On Tuesday, the Other Half picked Little Miss up from nursery to be told they’d had a confirmed case of Hand, Foot and Mouth Disease and Little Miss was showing symptoms. We needed to book an emergency Doctor’s appointment and she needed to be quarantined for up to two weeks until her symptoms were completely gone as it’s highly contagious.
The OH then called me, relaying the message so I could get the doctor on the phone before they closed that evening. This all sounded very dramatic so naturally, I freaked out a little bit: “HFAM!? Isn’t that the cow disease!? Oh my god! My baby’s going to go insane like cattle!” …
In actual fact, the human strain of HFAM isn’t that bad (in most cases).
It is highly contagious amongst under 5s as they don’t have a strong immune system yet, hence why they need to stay away from people and animals until their symptoms are gone. The virus is passed through bodily fluids (i.e., spit and snot) or poo – all things under 5s simply can’t resist sharing amongst themselves.
The good news is it’s unusual for adults to catch it. The bad news is there’s an outbreak nationwide in the UK at the moment (Autumn 2015) and being a virus, doctors can’t do much; you just have to ride it out. Administer paracetamol for the fever, choose a good movie and hunker down.
Two weeks was a slight exaggeration; usually it’s about 5 days, though in severe cases it can be 7-10.
So what symptoms are you looking out for?
- Grey/pinkish spots on the hands, feet, bum/genitals and around the mouth, with ulcers in the mouth and on the tongue. The rash may also appear behind their knees. (But clearly ‘Hand, Foot, Mouth Bum and Behind the Knees Disease’ didn’t quite roll of the tongue the same way…)
- Moderate fever with cough and cold like symptoms
- Loss of appetite or not wanting to drink anything (the ulcers can be uncomfortable). This is the big watch out as under 5s can become dehydrated quickly if they won’t drink water.
The rash isn’t itchy, but some kids will pick at spots regardless (after all, they’re only human) and in severe cases, the spots can blister towards the end of the incubation period. If this is the case, there is a risk of it becoming impetigo, which needs antibiotics and more time off nursery or school.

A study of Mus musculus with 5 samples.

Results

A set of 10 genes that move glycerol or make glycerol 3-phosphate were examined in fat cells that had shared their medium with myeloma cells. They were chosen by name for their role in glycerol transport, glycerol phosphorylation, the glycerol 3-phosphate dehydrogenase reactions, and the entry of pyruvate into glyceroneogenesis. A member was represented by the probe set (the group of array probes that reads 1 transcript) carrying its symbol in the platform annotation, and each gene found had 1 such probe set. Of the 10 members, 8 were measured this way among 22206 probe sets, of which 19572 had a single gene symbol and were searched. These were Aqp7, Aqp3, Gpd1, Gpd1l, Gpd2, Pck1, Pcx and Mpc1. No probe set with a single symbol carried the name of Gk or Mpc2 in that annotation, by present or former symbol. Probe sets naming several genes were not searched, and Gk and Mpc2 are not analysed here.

For us, the mild fever only really lasted the first day though Tuesday night was tough as Little Miss would only sleep in our arms. We tried bringing her into bed with us but that just seemed a big game, so the OH and I took shifts in the armchair in her room instead through the night.
Despite the lack of fever since then, Little Miss clearly hasn’t been feeling herself. On day two, I took her for a walk to get some fresh air (and freedom – oh how I miss the outside world!) in the woods near our house and within five minutes she had hold of my hand and was marching me home saying, “hom. Mammy hom!”. (That’s ‘Home. Mummy, home.’ to you and I.)
Pretty much unheard of in the 19 months she’s been alive.
So, we’re currently on day six of our quarantine – Little Miss still had just two spots on one foot so to be safe, she’s still off nursery. And I’m running out of ideas to keep indoor play interesting. Even if Little Miss isn’t bored of pushing dolly from room to room in the pram and feeding her infinite bottles, I sure as hell am!
I’ve exhausted all my sensory play ideas from ribbons to balloons; there is officially nothing else we can do with a large cardboard box; we’ve coloured, we’ve watched movies… Yesterday I even got her baking for the first time.
Note to self, Little Miss is still a bit young for baking…
If anyone has any ideas for what else we could do to keep indoor play interesting, please do let me know. We’ve still got at least one day to go…
If you think your child may have HFAM, see your GP as soon as possible and avoid contact with other humans or animals until it is confirmed. On behalf of the rest of the world, thank you.
For more information about Hand, Foot and Mouth Disease, visit the NHS website here.
For more information about Impetigo, visit the NHS website here.
*NB: Little Miss is drinking milk (of the lactose free variety). Nothing more, nothing less.